Damn, I'm a hypocrite. As a writer who often writes horror, I often shake my head whenever I'm in a discussion or overhear someone dismiss horror fiction as not real writing or not real literature. Often this comes from folks who might never have actually read a horror novel or short story, or perhaps whose only experience with horror comes from pop culture horror films or even terribly written and produced schlocky movies.
Was it Douglas Winter who stated that horror is an emotion, not a genre?
Yes, books get given special covers geared to "attract" horror fans, and get placed in particular locations on bookstore shelves in a category known as horror. But there are countless "literary" novels I've read over the years that, to me, are really horror novels. They just got branded as fiction or literary and placed elsewhere on the bookstore and library shelves. This isn't to say that I look down on them. On the contrary. When I find any writer able to employ words in such a way that I am frightened or am made to think or even better, to feel, I look up to them all the more.
What I'm getting at here is that I recently made the mistake of thinking myself above "Zombie" novels? Why? Because I've seen a dozen or so "Zombie" movies, and while some of them have been good, I've got this particular stereotype in my mind that they're all the same and that there can't be anything new or interesting in them. (Yes, even despite the fact that Oprah picked a "zombie" novel for her book club recently - in Cormac McCarthy's The Road)
I can't believe I did this, because always had a real soft spot for apocalyptic and post-apocalyptic tales. My enjoyment of these tales are one of the elements that drew me into reading science fiction and horror in the first place. And what are zombie novels other than apocalyptic tales of a horrific extreme. (I mean, not only are the dead rising and gnawing at me and my friends, but they're the bodies of the people I know and love. What's worse, that my dead wife's body has crawled out of the grave and is coming after me, or the fact that I have to shoot her in the head to save my own life? Some fascinating moral challenges to consider when reading a zombie novel)
So, yes, I've kept a closed mind on the zombie. My eyes were opened while I was at World Horror Con in Toronto in March. I was attending a panel themed something along the lines of "Zombies Verses Vampires" -- Horror author Brian Keene was on the panel and said something that stuck with me. He said that his first novel The Rising, was not a zombie novel, that it was a novel about a father's love for his son. He then explained that it was inspired by this one time he was on his way to pick up his son for a weekend together and he was stopped by a State Trooper who said the Interstate Highway he was on was closed and he'd have to turn back. When he ignored the Trooper, thinking that NOTHING was going to stop him from getting to his son, he then wondered what WOULD stop him. As he went through the list of various things that WOULD NOT stop him, he came across Zombies, and the genesis for his novel was born.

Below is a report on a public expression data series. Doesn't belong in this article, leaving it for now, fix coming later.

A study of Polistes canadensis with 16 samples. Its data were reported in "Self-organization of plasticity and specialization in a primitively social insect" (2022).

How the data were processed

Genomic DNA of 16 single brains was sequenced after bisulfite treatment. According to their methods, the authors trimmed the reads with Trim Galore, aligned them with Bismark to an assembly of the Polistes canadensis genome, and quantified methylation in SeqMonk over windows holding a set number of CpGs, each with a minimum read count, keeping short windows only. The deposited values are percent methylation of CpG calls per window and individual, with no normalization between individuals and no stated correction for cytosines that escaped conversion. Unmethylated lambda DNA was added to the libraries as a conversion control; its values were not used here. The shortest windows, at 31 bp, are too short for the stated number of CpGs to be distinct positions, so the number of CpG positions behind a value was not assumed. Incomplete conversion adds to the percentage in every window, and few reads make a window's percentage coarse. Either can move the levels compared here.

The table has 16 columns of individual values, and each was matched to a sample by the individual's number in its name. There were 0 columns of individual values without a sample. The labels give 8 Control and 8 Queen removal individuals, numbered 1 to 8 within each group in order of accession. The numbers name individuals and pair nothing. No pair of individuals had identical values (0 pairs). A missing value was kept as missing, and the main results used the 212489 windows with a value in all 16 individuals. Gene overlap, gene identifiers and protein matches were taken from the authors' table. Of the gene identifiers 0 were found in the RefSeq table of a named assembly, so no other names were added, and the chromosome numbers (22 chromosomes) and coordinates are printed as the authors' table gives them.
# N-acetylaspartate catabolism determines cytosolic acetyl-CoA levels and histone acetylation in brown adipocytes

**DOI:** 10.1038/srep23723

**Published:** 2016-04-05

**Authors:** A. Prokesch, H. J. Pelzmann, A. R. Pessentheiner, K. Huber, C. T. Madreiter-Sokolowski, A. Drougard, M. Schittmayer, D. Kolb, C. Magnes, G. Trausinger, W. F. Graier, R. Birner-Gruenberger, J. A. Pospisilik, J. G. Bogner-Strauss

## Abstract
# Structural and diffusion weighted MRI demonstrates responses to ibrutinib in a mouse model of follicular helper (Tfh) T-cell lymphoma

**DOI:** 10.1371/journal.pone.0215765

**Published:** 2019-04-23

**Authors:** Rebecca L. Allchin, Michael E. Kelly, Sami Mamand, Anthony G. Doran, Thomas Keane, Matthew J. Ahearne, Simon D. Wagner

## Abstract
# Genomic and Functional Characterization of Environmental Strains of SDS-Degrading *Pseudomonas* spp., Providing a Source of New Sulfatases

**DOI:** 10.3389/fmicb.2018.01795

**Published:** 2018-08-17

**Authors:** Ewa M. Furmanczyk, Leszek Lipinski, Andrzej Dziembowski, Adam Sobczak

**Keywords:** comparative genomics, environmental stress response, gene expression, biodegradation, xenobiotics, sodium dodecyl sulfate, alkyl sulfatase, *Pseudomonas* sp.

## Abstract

Immediately after WHC I special ordered his first two novels (The Rising and the sequel to it called City of the Dead). Yes, being a sappy father who loves his son more than anything, I was looking forward to following this tale of a father fighting his way through a post-apocalyptic America to get to his boy. What I wasn't suspecting was that I'd love so many of the other characters and situation that Keene set up in this novel. (It's so easy to see, after the fact, why he won the Bram Stoker Award for First Novel for The Rising) Keene was also able to approach the concept of zombies in a way I'd never read before -- he has given them a new kind of intelligence and an interesting background. I'm intrigued to learn more as the story continues to unfold.
I finished the novel just the other day, and had been planning on reading the latest Michael Connelly novel once I finished it. But dammit -- Keene ended it in such a way that I absolutely HAD to pick up the sequel which I'm now already several chapters into it and enjoying it tremendously. (That, and I found out from my sales rep at Book Expo Canada that Keens has a third book in that series coming out in a few months -- woo hoo!)
Thanks Brian! Thanks for reopening my mind.
The moral of this story: Don't close your mind -- open a book.